December 17, 2017

Archives for August 19, 2016

Tenth Circuit: Lower-Rung Participant in RICO Association-in-Fact Enterprise Can Play Part in Carrying Out Affairs

The Tenth Circuit Court of Appeals issued its opinion in George v. Urban Settlement Services on Monday, August 15, 2016.

Plaintiffs Richard George, Steven Leavitt, Sandra Leavitt, and Darrell Dalton asserted claims under the Racketeer Influenced and Corrupt Organizations Act (RICO) against Bank of America (BOA) and Urban Settlement Services, along with a promissory estoppel claim against BOA, based on the defendants’ allegedly fraudulent administration of the Home Affordable Modification Program (HAMP). BOA was required to participate in HAMP and comply with the program guidelines because it received funds pursuant to the Emergency Economic Stabilization Act of 2008. BOA contracted with third parties, including Urban, to administer its HAMP program. Each of the four plaintiffs had a home mortgage through BOA and applied for home loan modifications through HAMP, interacting with BOA and Urban representatives during the application process. Despite various misleading representations from BOA and Urban, the plaintiffs were unable to obtain HAMP relief, depriving them of opportunities to sell their homes or pay off other debts.

Plaintiffs brought RICO claims against BOA and Urban, alleging defendants formed a RICO enterprise with the common goal of wrongfully denying HAMP loan modifications to qualified homeowners by developing a scheme to obstruct and delay borrowers’ HAMP loan modification requests. Plaintiffs also asserted promissory estoppel claims against BOA, alleging BOA made clear promises in Trial Period Plan (TPP) documents and on its website promising permanent loan modifications to qualified borrowers who completed TPPs. BOA and Urban filed Rule 12(b)(6) motions to dismiss. BOA argued the plaintiffs failed to sufficiently allege a RICO enterprise distinct from BOA, while Urban argued they failed to sufficiently allege Urban participated in the enterprise. Both defendants argued plaintiffs failed to sufficiently allege a pattern of racketeering activity. The district court granted both defendants’ motions and dismissed plaintiffs’ claims.

On appeal, plaintiffs argued the factual allegations in their amended complaint state facially plausible RICO claims against BOA and Urban and the district court erred in dismissing the claims. The plaintiffs argued that because they alleged an association-in-fact enterprise consisting of independently owned and operated companies, the alleged enterprise is sufficiently distinct from BOA. The Tenth Circuit agreed. The plaintiffs contend the enterprise’s common purpose was to extend as few HAMP modifications as possible while appearing to comply with program rules. The district court concluded that Urban employees were BOA’s agents, who did nothing more than follow BOA’s instructions, but the Tenth Circuit disagreed. The Tenth Circuit found that plaintiffs sufficiently showed that BOA and Urban formed an association-in-fact enterprise, and that by orchestrating and operating a scheme to deny HAMP modifications, BOA and Urban furthered the enterprise’s scheme to delay modifications.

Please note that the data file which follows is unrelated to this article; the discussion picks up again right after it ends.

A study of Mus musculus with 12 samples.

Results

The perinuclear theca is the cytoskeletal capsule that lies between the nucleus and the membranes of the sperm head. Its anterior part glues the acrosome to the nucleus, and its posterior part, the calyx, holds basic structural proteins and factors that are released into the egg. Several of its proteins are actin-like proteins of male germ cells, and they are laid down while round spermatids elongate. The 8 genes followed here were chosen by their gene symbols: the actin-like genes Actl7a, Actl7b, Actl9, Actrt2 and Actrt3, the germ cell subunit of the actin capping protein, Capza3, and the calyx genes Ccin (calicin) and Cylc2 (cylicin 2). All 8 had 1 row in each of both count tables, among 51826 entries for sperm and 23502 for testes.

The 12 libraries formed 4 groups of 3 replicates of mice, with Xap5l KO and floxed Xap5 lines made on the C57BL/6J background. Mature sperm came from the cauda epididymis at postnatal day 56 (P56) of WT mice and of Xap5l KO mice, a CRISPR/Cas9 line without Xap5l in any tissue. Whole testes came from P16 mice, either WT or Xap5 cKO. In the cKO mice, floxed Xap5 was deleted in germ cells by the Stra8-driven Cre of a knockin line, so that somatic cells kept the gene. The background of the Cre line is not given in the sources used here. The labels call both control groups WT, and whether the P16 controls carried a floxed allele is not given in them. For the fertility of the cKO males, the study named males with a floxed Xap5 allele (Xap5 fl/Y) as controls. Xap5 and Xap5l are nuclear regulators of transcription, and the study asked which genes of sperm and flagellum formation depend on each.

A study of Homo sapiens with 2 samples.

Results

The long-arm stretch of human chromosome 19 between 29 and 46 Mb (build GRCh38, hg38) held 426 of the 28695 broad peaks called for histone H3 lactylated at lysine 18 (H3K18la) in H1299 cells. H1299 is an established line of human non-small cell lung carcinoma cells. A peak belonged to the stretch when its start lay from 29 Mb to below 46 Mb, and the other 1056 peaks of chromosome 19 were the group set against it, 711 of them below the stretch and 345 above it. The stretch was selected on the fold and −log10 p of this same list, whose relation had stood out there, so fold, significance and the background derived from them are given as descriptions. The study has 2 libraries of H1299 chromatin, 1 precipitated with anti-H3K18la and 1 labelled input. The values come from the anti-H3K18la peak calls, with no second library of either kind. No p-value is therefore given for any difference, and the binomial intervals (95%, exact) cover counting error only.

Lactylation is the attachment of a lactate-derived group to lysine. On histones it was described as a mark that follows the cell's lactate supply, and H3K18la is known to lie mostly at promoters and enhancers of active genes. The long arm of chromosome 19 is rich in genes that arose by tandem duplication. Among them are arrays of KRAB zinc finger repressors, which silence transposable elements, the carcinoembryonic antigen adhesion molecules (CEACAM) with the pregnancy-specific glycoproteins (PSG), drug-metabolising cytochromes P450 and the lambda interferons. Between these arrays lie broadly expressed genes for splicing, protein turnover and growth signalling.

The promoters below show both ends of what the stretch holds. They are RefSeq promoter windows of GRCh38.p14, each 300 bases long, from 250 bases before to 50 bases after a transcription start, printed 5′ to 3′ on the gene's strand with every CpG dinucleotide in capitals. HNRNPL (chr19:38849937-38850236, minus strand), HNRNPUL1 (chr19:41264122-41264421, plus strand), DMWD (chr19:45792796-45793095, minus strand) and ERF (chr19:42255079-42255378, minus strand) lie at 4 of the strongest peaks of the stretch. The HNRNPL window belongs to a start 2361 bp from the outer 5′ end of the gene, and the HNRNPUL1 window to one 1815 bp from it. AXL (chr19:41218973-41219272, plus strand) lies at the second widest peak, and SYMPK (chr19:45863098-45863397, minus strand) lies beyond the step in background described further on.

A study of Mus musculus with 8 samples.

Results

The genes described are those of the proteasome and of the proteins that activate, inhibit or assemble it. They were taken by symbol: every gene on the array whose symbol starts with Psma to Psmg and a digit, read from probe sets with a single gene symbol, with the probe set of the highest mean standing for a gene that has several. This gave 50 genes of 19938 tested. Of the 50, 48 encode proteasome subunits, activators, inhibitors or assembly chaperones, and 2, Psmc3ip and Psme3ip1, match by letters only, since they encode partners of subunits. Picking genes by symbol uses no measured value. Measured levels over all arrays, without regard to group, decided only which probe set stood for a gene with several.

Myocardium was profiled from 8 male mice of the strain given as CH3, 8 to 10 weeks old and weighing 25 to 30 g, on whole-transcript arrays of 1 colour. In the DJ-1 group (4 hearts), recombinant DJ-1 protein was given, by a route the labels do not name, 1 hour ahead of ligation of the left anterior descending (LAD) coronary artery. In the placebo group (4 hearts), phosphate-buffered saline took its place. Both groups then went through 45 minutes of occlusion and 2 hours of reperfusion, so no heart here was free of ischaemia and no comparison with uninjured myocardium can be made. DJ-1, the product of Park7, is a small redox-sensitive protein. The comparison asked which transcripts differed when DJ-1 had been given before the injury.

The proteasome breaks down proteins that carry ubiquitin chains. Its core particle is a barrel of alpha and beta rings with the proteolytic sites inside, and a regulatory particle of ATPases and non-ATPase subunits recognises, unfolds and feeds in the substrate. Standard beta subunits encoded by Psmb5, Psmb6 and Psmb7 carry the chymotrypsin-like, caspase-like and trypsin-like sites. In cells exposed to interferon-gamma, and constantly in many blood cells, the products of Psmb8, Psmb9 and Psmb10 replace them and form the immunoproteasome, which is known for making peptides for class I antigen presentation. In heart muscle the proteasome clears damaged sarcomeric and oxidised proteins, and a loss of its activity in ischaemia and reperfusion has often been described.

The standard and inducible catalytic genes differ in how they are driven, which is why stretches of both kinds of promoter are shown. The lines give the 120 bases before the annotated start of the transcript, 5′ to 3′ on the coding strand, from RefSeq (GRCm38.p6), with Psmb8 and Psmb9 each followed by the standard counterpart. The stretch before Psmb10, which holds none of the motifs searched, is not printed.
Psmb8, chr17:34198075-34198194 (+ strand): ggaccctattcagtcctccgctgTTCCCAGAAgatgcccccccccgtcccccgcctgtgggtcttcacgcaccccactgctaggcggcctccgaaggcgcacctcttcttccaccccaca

The district court also concluded that plaintiffs failed to show Urban’s participation in the enterprise. The district court characterized Urban as an outside entity having no participation in BOA’s enterprise. The Tenth Circuit noted that this mischaracterization failed to appreciate that BOA was not the alleged enterprise. Plaintiffs alleged Urban was a lower-rung participant knowingly carrying out BOA’s orders, and the Tenth Circuit agreed, noting that even a bit part participant can play some part in carrying out the enterprise’s affairs.

Defendants alternatively argued that the Tenth Circuit could affirm the district court because plaintiffs failed to show a pattern of racketeering activity. Plaintiffs alleged several acts of mail and wire fraud, but defendants argued plaintiffs failed to show particularity. As to BOA, the Tenth Circuit disagreed, noting that plaintiffs had illustrated several conversations with various BOA employees about their HAMP modifications. As to Urban, the Tenth Circuit found it was a close call. Plaintiffs argued that they were unable to show particularity without further discovery, because Urban employees frequently held themselves out as BOA employees. The Tenth Circuit found this sufficient to survive a motion to dismiss. The Tenth Circuit reversed the district court’s dismissal of plaintiffs’ RICO claims and remanded for further proceedings.

Turning to the promissory estoppel claims against BOA, the Tenth Circuit again found the district court erred. Plaintiffs described BOA’s unambiguous promises to provide permanent HAMP modifications for borrowers who complied with their TPPs. The district court found that BOA made no promise, but the Tenth Circuit determined this to be in error. Screenshots of the BOA website and TPP documents unambiguously promised borrowers permanent modifications if they complied with their TPPs. The Tenth Circuit found this sufficient to satisfy the first step of the promissory estoppel analysis. Because the district court did not address the remaining factors, the Tenth Circuit remanded for further proceedings.

The Tenth Circuit reversed the district court’s dismissal of plaintiffs’ RICO and promissory estoppel claims, and remanded for further proceedings consistent with its opinion.

Tenth Circuit: Unpublished Opinions, 8/18/2016

On Thursday, August 18, 2016, the Tenth Circuit Court of Appeals issued no published opinion and three unpublished opinions.

Wallin v. Miller

Glaser v. Raemisch

United States v. Faure

Case summaries are not provided for unpublished opinions. However, some published opinions are summarized and provided by Legal Connection.